Water company forum divided about Cambridge's development
A report on the looming dangerously low levels of water on the river Cam will be published next year following the first meeting of the water crisis forum at Guildhall last week.
The meeting discussed issues arising from over-abstraction from the chalk hills surrounding Cambridge, and reduced river flow following years of low rainfall.
Cllr Katie Thornburrow (Trumpington), executive councillor, planning policy and open spaces at Cambridge City Council, chaired the meeting.
“I’m really pleased that we were able to bring together a such a wide range of experts to share their research and insights with us,” said Cllr Thornburrow this week. “It’s clear that we need to take action if we are to be able to provide homes and businesses with the water they need while also preserving our irreplaceable natural environment especially the chalk streams of Cambridgeshire. We’ll be reviewing all the submissions and answers to our questions, and plan to publish a report later this year.”
Dan Clark, water resources manager at Cambridge Water, said: “We were very pleased to be invited to join the Water Forum convened by Cllr Thornburrow, it was a really useful opportunity to discuss water issues and concerns in the Cambridge area and to have a number of different views heard. In particular we are always eager to hear what our customers have to say, so their views can inform our future plans. The Forum allowed us to explain some of our duties around managing water supply and the environment, including in times of drought.
“We produce water management plans every five years, these include options we can use in a drought to ensure that we maintain customers’ water supply. They identify what additional supplies may be required, what environmental impact these might have, together with when it is appropriate to impose restrictions on customers’ use of water. We also include how to communicate the situation to our customers with water efficiency messages.
“Water is a precious resource and we encourage our customers to use it wisely, especially in times of drought when savings in water consumption means less water needs to be taken from the environment. Abstracting less from the environment will help to maintain the health of chalk streams so we are reducing leakage and aim to abstract no additional water to meet the expected population growth in Cambridge. For longer-term growth we are working collaboratively on regional plans to increase supplies whilst improving the environment. We offer online advice in conserving water by using water wisely.”
One of the members of the public at the meeting was Monica Bijok, who told the Cambridge Independent: “This is very much the beginning of a process, and it was good to see so many interested parties coming together as well as political representatives from all political parties and all Cambridgeshire councils. I am hopeful that politicians, developers, water companies will at last start to understand what they are about to destroy.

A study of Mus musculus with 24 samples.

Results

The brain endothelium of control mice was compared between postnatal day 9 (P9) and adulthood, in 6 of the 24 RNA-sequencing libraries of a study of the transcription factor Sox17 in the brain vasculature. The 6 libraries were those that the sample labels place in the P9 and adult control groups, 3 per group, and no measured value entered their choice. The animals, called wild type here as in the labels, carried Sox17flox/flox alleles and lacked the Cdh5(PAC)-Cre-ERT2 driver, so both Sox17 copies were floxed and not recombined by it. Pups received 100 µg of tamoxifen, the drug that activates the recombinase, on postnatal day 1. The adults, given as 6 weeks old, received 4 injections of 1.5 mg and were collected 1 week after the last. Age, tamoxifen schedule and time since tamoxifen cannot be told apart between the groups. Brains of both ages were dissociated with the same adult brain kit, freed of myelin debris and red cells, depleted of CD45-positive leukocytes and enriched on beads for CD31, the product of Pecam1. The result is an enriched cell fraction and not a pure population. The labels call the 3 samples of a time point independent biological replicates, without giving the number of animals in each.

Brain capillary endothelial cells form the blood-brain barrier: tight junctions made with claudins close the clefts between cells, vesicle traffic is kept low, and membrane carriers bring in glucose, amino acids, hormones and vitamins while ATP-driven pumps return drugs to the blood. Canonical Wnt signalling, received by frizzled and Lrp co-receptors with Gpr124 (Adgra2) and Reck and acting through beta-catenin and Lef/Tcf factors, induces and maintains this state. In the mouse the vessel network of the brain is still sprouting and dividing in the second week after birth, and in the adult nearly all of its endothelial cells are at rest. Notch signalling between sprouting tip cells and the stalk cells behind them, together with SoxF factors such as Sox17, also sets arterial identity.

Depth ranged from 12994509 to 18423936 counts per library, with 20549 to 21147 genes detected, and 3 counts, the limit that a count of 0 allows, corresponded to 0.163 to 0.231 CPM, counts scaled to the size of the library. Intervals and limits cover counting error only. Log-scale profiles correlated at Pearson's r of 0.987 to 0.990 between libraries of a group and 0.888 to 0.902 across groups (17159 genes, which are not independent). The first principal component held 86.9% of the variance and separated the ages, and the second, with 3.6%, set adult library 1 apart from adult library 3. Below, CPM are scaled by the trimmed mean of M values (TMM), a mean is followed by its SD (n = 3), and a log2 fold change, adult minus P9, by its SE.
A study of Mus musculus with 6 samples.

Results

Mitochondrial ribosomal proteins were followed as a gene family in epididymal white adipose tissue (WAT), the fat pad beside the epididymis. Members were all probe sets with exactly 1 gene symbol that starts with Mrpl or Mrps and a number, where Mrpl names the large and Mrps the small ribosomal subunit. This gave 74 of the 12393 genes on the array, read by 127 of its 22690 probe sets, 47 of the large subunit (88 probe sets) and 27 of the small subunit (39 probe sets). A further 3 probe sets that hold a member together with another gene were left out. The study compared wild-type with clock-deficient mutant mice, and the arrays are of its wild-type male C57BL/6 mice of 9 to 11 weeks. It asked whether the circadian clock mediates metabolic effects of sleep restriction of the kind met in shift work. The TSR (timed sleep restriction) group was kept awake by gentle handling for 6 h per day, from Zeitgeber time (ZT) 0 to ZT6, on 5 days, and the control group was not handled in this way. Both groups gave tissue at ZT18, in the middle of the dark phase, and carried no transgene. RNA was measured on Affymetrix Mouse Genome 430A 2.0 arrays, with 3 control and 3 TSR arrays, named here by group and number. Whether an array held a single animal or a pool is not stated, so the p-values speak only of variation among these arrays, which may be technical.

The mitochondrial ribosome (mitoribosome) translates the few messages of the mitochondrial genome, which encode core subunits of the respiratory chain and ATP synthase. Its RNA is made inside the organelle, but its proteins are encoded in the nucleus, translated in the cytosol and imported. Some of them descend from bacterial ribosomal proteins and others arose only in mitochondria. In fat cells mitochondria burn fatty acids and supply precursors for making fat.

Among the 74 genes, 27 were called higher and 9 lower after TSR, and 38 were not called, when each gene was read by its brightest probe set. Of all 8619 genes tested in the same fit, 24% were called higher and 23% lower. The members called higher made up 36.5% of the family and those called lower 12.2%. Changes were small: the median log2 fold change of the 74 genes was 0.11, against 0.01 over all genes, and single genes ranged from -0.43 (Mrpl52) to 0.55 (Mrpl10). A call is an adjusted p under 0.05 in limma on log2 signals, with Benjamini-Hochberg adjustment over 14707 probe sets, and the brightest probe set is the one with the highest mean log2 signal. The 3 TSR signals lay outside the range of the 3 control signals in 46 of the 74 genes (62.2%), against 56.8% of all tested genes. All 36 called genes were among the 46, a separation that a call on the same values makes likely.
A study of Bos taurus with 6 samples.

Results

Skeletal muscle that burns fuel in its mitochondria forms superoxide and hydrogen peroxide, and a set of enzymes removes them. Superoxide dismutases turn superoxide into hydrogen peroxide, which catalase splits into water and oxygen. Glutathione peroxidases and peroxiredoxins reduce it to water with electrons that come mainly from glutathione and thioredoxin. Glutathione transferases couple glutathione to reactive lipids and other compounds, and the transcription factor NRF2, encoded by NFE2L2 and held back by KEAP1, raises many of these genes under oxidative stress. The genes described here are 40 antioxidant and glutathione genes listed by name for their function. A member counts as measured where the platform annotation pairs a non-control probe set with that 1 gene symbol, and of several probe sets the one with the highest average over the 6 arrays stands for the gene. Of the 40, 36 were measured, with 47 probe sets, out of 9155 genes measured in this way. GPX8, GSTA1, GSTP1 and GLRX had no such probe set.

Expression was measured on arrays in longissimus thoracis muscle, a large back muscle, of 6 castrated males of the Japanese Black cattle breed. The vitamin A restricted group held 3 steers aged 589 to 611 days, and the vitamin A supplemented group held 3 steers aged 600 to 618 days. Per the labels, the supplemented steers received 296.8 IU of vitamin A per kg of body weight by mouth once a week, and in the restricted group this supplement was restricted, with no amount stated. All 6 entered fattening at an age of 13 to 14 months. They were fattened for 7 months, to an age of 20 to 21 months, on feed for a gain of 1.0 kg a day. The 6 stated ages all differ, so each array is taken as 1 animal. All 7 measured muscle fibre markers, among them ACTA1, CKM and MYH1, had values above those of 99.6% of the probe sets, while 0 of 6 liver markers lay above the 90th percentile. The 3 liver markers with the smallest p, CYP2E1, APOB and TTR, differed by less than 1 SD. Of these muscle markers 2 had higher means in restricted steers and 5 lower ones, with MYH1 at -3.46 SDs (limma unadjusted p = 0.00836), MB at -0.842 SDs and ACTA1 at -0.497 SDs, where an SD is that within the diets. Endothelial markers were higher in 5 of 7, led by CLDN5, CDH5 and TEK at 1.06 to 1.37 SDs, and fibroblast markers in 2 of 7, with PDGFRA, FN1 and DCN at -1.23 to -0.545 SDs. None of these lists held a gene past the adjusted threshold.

“I have now heard versions of Stephen Tomkins' presentation three times since last month. I have to admire his patience, his perseverance, and his dogged optimism when talking about the dire situation of the Cam, the Granta, and the other chalk streams in what could be the last couple of years of their existence.
“Rob Mungovan of the wild trout trust spoke with deep knowledge and a real passion for all the precious and unique plants and animals that have evolved in our local chalk streams, and with despair at how they are struggling to survive, yet somehow still, in places, hanging on at the mercy of a pump. He said the thought of a power cut gives him sleepless nights knowing so many little interconnected lives depend totally on those pumps operating.”
Another attendee, Rosanna Bienzobas, added: “Having spoken with each of the councillors in the coffee break and given them my views on development needing to be paused or slowed to allow chalk streams and their ecosystems to recover and asked their views, Graham Hone did not want to contemplate this, Rod Cantrill’s view was that development could be continued, but in a more sustainable way - hard to imagine how when we have a water crisis caused by supplying water to current population - and Katie Thornburrow’s view is that there is lots to think about in the light of the evidence heard at the meeting, but local plans were going ahead.”
Cllr Graham Cone (Con, Fen Ditton & Fulbourn), said: “The meeting went fine with lots of interesting points raised about the water courseway and chalk streams, and why the flow is not as good as it should be. A cross-party report involving the LibDems, Labour and Consertavies is due, obviously there’s a general election due so realistically it's going to be next year.
“From my own personal view we do need more housing as the region is a growing economy and there’s a need for more homes in this area, but when building homes we need to be careful not to draw too much water - the rate of house builds is probably too slow as it is.”
Cllr Rod Cantrill (Newnham) responded: “The worry I have is that if you’ve seen the Environment Agency report for aquifers, you’ll see that we’ve almost touched the critical level - and below that means water shortages. We need 160 per cent of the usual rainfall to get back to a decent level.
“We now need to consider the evidence, we've got some analysis upfront and we had new analysis in the session, if we can do the report in a month that's great but we need a realistic timeframe.
“The reduction of carbon emissions by using the natural capital offset programme is not convincing. Lots of developers have been getting around it. But given that the housing market in the city is broken, it’s unrealistic to say that we’re not going to grow.”